Todd Heap and his family are in the Red Mountain football community’s thoughts and prayers as they grind through spring ball. (Richard Obert/azcentral sports)
Before tragedy struck his family, Todd Heap had immersed himself into the Mesa Red Mountain football family.
New head coach Mike Peterson estimated that the former Mesa Mountain View, Arizona State and NFL tight end had given nearly 100 hours of his time, helping with a pro-style offensive philosophy, design, blocking, pass protection, run game, pass concepts.
“My hope was to ultimately convince Todd to coach tight ends,” Peterson said. “However, I have not spoke with him about that since the accident and am supporting, loving and allowing him and his family time to grieve.”
Last month, Heap lost his 3-year-old daughter Holly after accidentally running her over with his truck at their home.
The entire Red Mountain school, including the football team, has lent their support and prayers to the Heap family. They recently wore pink after Todd and his wife Ashley asked that people wear pink, offer hugs and show acts of kindness on what would have been Holly’s fourth birthday.
“We just want to show our support,” said Lance Lawson, a senior-to-be, who led Red Mountain to a surprising run to the 6A state semifinals last year with his multi-talents on offense.
Peterson said he has given Heap his space, offering texts of condolences.
But he really didn’t know if he was going to get Heap to be part of his staff until his twin sons, Preston and Kyle, sixth graders, were going to be part of the Red Mountain program.
“Todd is the most humble person you’ll ever meet,” Peterson said. “One thing he didn’t want to happen was for him to coach tight ends and his name and his notoriety overshadow the kids. That was his No. 1 concern. He wanted to be behind the scenes. We couldn’t get him to take a picture and be in the program, be on the Web site, because he didn’t want to overshadow the kids. He’s such a humble, good person.”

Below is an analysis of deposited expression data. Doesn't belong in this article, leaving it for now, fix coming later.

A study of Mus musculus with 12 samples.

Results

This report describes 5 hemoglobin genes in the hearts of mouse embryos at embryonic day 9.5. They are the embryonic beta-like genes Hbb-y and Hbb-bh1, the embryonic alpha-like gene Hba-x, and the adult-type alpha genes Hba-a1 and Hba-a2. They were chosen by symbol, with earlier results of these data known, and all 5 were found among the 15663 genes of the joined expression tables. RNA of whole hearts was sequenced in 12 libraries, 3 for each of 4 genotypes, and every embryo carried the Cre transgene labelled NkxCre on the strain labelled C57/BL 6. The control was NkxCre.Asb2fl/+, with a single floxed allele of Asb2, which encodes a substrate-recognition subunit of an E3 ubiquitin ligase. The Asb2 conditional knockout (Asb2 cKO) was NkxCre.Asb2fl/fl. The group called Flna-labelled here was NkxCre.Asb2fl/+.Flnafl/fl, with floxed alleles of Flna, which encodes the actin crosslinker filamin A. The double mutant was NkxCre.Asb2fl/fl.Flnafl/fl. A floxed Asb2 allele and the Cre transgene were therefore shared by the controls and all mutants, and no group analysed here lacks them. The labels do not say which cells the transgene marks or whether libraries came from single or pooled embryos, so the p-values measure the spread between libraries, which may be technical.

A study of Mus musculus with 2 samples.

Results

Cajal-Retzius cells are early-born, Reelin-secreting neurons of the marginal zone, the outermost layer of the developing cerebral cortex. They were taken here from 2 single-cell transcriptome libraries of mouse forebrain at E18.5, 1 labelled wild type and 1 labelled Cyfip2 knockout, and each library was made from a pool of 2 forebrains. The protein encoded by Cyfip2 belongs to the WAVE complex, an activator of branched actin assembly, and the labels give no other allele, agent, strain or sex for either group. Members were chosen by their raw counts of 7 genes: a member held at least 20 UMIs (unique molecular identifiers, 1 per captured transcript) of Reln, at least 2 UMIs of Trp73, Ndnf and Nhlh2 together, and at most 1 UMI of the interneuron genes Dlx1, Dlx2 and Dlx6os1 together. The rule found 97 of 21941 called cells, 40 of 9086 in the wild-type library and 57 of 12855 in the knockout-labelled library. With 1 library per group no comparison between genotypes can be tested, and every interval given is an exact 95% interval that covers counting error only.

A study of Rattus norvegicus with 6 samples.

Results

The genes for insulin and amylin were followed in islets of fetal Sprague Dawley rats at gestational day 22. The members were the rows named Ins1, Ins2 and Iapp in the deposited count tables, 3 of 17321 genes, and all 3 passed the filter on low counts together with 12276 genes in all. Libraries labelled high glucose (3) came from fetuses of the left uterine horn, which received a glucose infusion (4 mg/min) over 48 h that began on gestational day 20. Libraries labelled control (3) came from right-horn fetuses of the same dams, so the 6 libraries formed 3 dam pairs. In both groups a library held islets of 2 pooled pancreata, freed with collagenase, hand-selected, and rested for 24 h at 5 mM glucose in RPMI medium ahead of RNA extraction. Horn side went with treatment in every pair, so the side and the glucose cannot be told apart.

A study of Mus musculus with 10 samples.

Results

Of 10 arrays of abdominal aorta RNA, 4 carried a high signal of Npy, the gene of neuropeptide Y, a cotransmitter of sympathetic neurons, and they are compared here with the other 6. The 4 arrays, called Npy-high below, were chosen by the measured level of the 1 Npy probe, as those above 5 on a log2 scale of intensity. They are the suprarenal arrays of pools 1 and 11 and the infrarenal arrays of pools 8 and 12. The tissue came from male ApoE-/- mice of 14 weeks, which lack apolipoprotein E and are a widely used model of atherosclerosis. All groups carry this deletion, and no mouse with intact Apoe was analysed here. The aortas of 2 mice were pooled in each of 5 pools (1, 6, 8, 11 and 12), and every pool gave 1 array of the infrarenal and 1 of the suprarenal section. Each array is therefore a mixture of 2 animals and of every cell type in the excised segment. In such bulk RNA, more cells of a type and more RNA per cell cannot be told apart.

Even though he left rival Mountain View in the 1990s as arguably the greatest athlete in school history, Heap and his family had settled into the Red Mountain neighborhood.
“Todd really believes that kids should play where they live, and he happens to live in the community, so that’s why he’s a Red Mountain guy,” Peterson said. “I happened to meet Todd when I was at Mountain View (as an assistant coach). He had graduated a year earlier and he was already at ASU. He came around and helped, was in the weight room a lot in his off-season. I happened to know him a long time.”
Peterson said there are some dedication plans in honor of Holly Heap, but he hasn’t run that past Todd and Ashley yet because he wants to give them time to grieve.
Lawson said Heap would come by when he could to help before the accident.
“We’d use his knowledge he picked up in the NFL and college,” Lawson said. “We’re just bringing that in.”
Red Mountain’s offense once again will run through Lawson, a 5-foot-9, 185-pound dynamo, who has started on varsity since his freshman year, playing everything from quarterback to receiver to running back.
Peterson said he doesn’t expect to have Austin Duffy back at quarterback because of his commitment to baseball. But he said Lawson won’t return to quarterback. He’ll be the guy receiving the ball from somebody in various ways.
Last year, Lawson ran for 1,539 yards and 21 touchdowns, averaging 6.5 yards a carry. He also passed for 622 yards. Peterson said Lawson also will start on defense at free safety, where he can use his quickness and speed to get to balls.
Cannon Griner will be competing for the quarterback job.
“We’ve got lots of returning guys, it’s going to be explosive,” said Griner, 6-1, 190, who played some running back last season as a junior. “Our offense can’t be one guy. It’s got to be all 11.”